Snowshoeing brings back memories
Of snow, snowshoes,
beginnings and endings
It was Christmas Eve. The end of the year was approaching determinedly, unavoidably, quickly. But the day was lovely. The sun was up, and the temperature rose to the mid-20s — comfortable weather for snowshoes. Fresh powdery snow blanketed the woods.
My wife, Deborah, had been waiting two years for this moment. Her grandmother, Frances “Fran” Smith Eastman, had passed away in May of 2008. Fran, who had lived nearly her entire life in an old house on a wooded hillside in western New Hampshire, was an avid lover of the outdoors. She continued to snowshoe and cross-country ski into her mid-80s, following a one-mile loop around her big meadow and the edge of her woods.
Of course she wore the classic old hardwood and leather snowshoes with a long narrow frame. They were works of art and beauty, as lovely hanging on the wall as they were useful strapped to the feet. They were also at least three quarters of a century old — nearly as old as their owner.
Near the end of her life, when Fran could no longer get out into the wood that surrounded her home, she connected with it by feeding its birds with a variety of backyard feeders. But not the squirrels. Those she chased away with snowballs at them. The snowshoes hung on the wall.
When she passed away in 2008 at the age of 91, one of the few things my wife wanted as a keepsake of her grandmother was a pair of those old snowshoes. But not just to hang on the wall. Deborah wanted to wear them in the woods. To walk, an almost literal sense, in the footsteps of her grandmother.
She inherited two pairs. One of them does decorate our bedroom wall, providing both a certain beauty and also some fond memories. The other pair, after several months of research over the winter of 2008-2009, she eventually sent off to Marie Boutin of Boutin Snowshoes.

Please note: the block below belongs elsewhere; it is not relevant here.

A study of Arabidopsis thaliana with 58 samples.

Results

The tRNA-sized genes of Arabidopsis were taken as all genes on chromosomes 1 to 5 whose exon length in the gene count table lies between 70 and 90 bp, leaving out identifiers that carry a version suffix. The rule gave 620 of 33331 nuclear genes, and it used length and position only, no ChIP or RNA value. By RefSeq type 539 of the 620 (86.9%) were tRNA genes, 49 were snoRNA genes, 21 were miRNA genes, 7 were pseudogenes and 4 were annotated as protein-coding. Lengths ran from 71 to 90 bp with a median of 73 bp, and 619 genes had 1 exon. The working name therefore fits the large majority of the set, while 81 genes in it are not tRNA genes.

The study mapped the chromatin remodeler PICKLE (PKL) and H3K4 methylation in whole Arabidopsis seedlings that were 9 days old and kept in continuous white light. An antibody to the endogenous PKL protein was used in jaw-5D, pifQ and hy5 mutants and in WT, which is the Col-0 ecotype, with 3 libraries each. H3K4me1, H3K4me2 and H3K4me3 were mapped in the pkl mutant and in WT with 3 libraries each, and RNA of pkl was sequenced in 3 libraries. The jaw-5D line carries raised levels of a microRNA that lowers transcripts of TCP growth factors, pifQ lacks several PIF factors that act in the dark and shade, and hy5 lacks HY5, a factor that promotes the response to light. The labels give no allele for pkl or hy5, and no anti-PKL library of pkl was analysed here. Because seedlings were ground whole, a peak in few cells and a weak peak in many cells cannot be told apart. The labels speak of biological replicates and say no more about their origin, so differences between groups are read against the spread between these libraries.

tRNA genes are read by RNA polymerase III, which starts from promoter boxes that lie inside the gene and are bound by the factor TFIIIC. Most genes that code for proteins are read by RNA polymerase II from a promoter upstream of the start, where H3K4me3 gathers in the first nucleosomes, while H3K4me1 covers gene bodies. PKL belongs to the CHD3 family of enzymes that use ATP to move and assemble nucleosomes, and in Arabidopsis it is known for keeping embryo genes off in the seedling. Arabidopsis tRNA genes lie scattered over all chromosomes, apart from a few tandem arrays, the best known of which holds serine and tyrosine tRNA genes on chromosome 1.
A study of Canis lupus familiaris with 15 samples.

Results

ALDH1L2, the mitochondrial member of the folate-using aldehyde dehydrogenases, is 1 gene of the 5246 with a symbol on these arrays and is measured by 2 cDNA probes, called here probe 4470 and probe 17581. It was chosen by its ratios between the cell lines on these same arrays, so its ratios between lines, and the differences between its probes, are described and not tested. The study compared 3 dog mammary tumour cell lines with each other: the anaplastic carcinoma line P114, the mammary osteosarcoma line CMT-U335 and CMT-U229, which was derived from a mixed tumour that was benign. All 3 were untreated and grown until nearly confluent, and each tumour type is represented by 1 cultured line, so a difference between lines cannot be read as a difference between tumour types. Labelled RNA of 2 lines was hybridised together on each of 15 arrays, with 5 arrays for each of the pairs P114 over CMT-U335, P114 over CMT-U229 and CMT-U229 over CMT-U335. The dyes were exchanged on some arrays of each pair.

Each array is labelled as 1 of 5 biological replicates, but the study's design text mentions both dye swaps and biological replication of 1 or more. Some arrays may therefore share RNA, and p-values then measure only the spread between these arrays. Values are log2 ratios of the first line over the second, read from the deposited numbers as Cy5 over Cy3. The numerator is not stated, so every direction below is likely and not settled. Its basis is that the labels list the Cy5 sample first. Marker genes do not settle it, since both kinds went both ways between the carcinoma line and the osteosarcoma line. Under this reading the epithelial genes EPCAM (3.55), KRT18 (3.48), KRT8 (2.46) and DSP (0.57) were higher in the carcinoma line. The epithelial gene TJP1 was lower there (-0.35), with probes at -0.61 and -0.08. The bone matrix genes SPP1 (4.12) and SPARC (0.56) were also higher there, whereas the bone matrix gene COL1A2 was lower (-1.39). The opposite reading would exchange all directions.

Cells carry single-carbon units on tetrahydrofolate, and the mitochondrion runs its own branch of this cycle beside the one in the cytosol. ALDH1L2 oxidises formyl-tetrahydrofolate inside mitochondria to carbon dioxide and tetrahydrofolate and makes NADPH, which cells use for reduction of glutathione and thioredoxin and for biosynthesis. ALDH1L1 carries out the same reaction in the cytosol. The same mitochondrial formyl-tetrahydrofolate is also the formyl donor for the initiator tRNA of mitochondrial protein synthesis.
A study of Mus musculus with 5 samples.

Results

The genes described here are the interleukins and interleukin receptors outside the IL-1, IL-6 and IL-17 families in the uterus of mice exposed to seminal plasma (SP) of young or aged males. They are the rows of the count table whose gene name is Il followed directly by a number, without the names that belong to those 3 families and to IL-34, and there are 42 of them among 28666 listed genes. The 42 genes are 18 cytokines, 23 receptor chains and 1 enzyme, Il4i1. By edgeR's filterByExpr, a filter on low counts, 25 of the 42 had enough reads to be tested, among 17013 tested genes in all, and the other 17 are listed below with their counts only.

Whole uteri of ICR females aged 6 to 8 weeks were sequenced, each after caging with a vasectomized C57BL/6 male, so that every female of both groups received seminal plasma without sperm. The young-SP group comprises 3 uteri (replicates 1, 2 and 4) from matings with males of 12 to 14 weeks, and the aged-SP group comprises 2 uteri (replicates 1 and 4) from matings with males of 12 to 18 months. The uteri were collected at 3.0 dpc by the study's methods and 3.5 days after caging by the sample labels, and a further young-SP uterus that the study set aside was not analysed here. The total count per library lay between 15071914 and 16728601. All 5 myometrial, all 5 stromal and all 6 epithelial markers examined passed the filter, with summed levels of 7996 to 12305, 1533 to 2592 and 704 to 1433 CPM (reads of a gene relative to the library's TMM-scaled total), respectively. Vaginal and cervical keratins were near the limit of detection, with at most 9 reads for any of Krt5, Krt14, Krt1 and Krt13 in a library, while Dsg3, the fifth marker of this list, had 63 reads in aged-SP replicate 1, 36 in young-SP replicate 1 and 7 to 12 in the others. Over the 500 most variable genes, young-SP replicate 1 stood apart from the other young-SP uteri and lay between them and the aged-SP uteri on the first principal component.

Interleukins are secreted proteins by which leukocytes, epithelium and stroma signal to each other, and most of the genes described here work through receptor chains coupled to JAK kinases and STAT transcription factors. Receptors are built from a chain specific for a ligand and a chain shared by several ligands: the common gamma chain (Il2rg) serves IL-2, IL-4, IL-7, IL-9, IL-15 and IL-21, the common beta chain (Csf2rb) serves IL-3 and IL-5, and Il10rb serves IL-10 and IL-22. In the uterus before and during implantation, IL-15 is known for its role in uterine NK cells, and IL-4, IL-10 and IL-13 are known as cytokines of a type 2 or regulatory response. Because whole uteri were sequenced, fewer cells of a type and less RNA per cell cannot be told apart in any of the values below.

Boutin, who works in the Montpelier area, crafts fine traditional snowshoes, and also repairs and refinishes old snowshoes. Her work came highly recommended. Deborah called her, talked in person, and eventually (after finding a large enough box) shipped the shoes off.
Boutin repaired the broken webbing, replaced the old straps with newer leather bindings, and re-varnished the shoes.
They were ready for use in January of 2010, about a week after all of December’s abundant snow had disappeared. Unfortunately, we never got another good storm, and so the winter of 2009-2010 passed by as well, and the shoes decorated our wall for a few more months waiting for their time to come back.
Christmas Eve of 2010 came with new snow. Deborah, eschewing her modern high-tech composite shoes, donned her grandmother’s wooden and leather shoes for the first time and went for a walk.
In some ways, our woods looked like a war zone. Two brutal windstorms over the previous month had done tremendous damage. The ground was strewn with the limbs and in some cases entire corpses of trees. Huge pines had been blown down all over our property. A couple big firs were down right near the house. Several maples had come down as well. The year had not been kind to our trees. Our trail was barely passable.
Yet the fresh fallen snow blanked all this like forgiveness. Or like love. Love, a wise (but never formally educated) first century Jewish fisherman once remarked, covers a multitude of sins. It makes the old look new, and the broken whole. It heals wounds. It restores. It is like new life.
Love and snow are like a new pair of snowshoes revived from the old. Like the start of a new year just as the old one passes. And pair of snowshoes tracks faded off into the snowy woods.